Updated: Jun 22, 2023



Believe it or not, this can be an incredibly divisive issue for some people and their families/friends. This is even trickier for vegans – you would think they are plotting to crush all the puppies of the world.


One: Recognition - What does food bulling look like?


Food bullies aren’t always obvious or easy to detect. However, they tend to fall into three categories: Well Meaning, Not Well Meaning and Fastfood-dom. The world of fast or quick service food and the impact on our diets I’ll address in another blog, it’s just too big of a fish to squeeze in here.


The Well Meaning.


Sometimes it is simply the way a family operates. For example, when dinner is served, you eat everything on your plate, the end. No arguments. Sometimes it’s a grandmother who connects feeding you to loving you and doesn’t see that the two can be separated. Other times it’s a close friend whom you’ve had a long-standing relationship based on pizza nights or going to a favorite donut shop or to bars + bar type foods. And at other times it’s a spouse or roommate who make a concerted effort to cook like they do on the TV or online shows and this effort/expense that are just soooo hard to turn down. I think you get the idea.


The Not-Well Meaning.


These folks tend to be a LOT more obvious and have no problem letting you know how should be eating. Their tactics range from belittling to all out aspersions of disgust. If some of these comments look familiar, you know what I’m talking about.



“so, you don’t eat meat, eh? What is wrong with you?”

“ohhh, here we go, she’s going to be a real pain here about ordering, so you better take a seat” [said to the waiter/waitress]

“don’t you have any REAL food in this house?”

“If I’m buying, we are going where I want to eat”

“I guess I’ll just throw the rest of this out since you are above eating normal food”


Two: Wrangling


Be prepared. Do not assume that just because you have finally decided that being bloated or fraught with indigestion is no longer ok for you, that everyone around you will go along. Believe it or not, this can be an incredibly divisive issue for some people and their families/friends. This is even trickier for vegans – you would think they are plotting to crush all the puppies of the world. This does not mean you need to be adversarial or drum up anxiety that isn’t necessary – but know you may get some flack and to stay the course of positive decisions for yourself, be ready.



So, whether it’s a well-meaning relative, close friend, or a plain old jerk who loves to make digs about what you eat, they are all obstacles that need to contend with.


Learn: Some sure-fire points of retort or discussion.


For the well-meaning relative: “I know you love me, and I cannot thank you enough for thinking of me, but I have recently found out that those foods are not my friend, so I’m going to have to pass”.

WMR: “Nonsense, what’s the harm in a little indulgence now and then?”

You: “I wish it were nonsense, but for me, a little indulgence has put my health at risk, so again, thank you, but I need to pass.”


For the close friend or relative where much of the relationship revolves around indulgent foods, alcohol, etc.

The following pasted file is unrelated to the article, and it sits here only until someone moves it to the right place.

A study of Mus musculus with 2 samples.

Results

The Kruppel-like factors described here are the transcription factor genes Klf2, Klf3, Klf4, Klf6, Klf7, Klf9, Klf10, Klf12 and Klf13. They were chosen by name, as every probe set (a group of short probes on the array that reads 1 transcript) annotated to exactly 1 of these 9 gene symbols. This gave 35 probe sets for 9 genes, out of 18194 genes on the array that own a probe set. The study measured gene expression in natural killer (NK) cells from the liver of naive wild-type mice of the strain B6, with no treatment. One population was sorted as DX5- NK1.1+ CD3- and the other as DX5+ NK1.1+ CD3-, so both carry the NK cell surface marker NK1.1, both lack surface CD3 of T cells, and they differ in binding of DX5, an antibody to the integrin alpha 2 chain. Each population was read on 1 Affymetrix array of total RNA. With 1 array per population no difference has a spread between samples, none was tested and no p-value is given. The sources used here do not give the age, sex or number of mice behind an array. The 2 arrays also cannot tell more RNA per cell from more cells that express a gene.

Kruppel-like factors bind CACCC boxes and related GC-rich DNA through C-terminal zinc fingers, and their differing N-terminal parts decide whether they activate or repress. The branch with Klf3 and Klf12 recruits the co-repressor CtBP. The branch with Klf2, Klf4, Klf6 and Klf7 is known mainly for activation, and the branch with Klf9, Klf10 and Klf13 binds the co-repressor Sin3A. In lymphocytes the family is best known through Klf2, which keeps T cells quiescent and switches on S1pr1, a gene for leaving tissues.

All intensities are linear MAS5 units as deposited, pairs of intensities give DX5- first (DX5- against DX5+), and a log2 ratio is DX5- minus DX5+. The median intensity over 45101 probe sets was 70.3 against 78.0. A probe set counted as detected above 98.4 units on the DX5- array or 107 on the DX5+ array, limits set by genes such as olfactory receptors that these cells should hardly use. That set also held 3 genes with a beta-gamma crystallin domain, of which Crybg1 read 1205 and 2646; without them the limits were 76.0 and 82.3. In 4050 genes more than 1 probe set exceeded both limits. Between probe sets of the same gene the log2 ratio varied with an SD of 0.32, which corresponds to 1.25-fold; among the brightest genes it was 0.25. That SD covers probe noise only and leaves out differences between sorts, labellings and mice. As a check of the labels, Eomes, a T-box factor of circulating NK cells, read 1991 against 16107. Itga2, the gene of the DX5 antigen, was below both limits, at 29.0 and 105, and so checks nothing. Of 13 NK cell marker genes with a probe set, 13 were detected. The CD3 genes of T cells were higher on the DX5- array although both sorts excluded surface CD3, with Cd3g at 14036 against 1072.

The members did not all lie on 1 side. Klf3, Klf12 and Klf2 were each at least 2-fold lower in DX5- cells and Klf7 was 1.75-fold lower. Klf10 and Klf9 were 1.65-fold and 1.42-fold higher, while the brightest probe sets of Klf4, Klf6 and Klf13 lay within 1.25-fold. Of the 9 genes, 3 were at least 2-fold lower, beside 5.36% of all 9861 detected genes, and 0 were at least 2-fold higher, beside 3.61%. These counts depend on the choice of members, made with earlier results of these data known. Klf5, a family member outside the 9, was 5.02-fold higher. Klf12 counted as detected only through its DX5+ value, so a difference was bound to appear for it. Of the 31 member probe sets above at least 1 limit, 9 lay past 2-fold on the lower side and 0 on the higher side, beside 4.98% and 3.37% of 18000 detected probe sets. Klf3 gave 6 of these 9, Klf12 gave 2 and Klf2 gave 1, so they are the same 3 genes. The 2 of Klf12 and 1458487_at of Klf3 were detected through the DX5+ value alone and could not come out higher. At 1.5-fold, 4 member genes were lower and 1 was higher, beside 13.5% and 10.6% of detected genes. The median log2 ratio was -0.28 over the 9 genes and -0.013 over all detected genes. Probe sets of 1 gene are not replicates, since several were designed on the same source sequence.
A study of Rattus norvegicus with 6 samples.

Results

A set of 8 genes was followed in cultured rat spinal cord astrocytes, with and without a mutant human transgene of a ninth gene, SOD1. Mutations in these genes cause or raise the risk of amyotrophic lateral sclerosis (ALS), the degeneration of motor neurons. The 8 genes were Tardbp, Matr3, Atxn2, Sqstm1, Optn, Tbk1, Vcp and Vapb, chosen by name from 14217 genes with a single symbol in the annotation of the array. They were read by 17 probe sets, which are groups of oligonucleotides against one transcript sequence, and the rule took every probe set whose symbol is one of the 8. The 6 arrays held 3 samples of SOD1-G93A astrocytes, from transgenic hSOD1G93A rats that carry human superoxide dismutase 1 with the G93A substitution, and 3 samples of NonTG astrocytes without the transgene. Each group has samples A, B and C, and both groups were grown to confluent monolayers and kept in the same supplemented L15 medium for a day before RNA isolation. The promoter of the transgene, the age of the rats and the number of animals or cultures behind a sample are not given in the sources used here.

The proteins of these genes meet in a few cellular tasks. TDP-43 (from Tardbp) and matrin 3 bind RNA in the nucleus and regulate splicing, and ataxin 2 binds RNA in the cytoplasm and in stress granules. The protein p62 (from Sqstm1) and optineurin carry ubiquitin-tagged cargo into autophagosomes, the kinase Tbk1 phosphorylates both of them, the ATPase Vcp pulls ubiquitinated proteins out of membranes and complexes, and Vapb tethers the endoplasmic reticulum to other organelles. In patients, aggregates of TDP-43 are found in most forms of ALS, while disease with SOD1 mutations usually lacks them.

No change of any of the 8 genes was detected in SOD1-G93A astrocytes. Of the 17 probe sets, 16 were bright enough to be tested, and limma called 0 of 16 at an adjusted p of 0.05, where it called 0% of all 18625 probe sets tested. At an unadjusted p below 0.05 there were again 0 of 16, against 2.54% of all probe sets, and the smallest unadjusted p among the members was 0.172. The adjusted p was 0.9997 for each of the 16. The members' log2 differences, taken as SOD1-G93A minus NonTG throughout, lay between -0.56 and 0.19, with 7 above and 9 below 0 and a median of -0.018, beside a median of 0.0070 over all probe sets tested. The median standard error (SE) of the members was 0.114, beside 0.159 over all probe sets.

LTCF: “So I heard about this AMAZING new pizza place, seriously we have to go.”

You: “I would love to, but I need to back off those amazing foods for now. I still want to go out, let’s see if we can find a place that will work for us both.”


For the jerks who take pot-shots or are hell bent on sabotaging your efforts. Though on the surface, these folks may seem to be the most difficult to “manage”, they are usually the first to back down when put back in their place. But not everyone is equipped to play verbal ping pong. So, saying absolutely nothing in return is best. Silence. But, to yourself, it will be important to tell yourself a couple of times “I will not take part in this sabotage effort”. “I will not take part in this sabotage effort”. But if you are feeling your oats and want to play ball, try a couple of these:


“I appreciate your keen advice what I should be eating, but what I really need help with is my poor selection of wrapping paper”.

*OR _______. Fill in the blank with any other inane thing that will get a very confused look in response.

“I guess I shouldn’t sign you up for my healthy living support newsletter.”

“I wish everyone I knew cared as much about what I eat as you do!”


Although there are many (SO many) other food bullies or bullying entities out there, by far the most difficult to work with is a spouse or partner. For some couples the world of food is a critical ground of commonality, which is a basic comfort and a large part of the foundation for that relationship. It can also be a giant buffer. A buffer for keeping the anger at bay “as long as she gets her chocolate, she won’t lash out at me”. For others, it’s a huge test of their relationship, can it handle a “split” in food choices? As silly as this may sound, believe me, plenty of relationships find out that they cannot. They rely on their partner eating similar foods as they do, sharing their “favorites”, going to their favorite ice cream or yogurt shop once or twice a week. The list goes on. I cannot emphasize this enough that to be successful in healthier food choices, PLAN and take seriously the impact it will have on your relationship. Include your partner in your planning. Ask them to be “on your team” as a fan and support. Understand that it may take an abundance of effort to eat differently. But it is worth it. And there is even a possibility that they may join you. I’ve seen some of the staunchest, most junk food dedicated types change their ways, some a little, some a lot.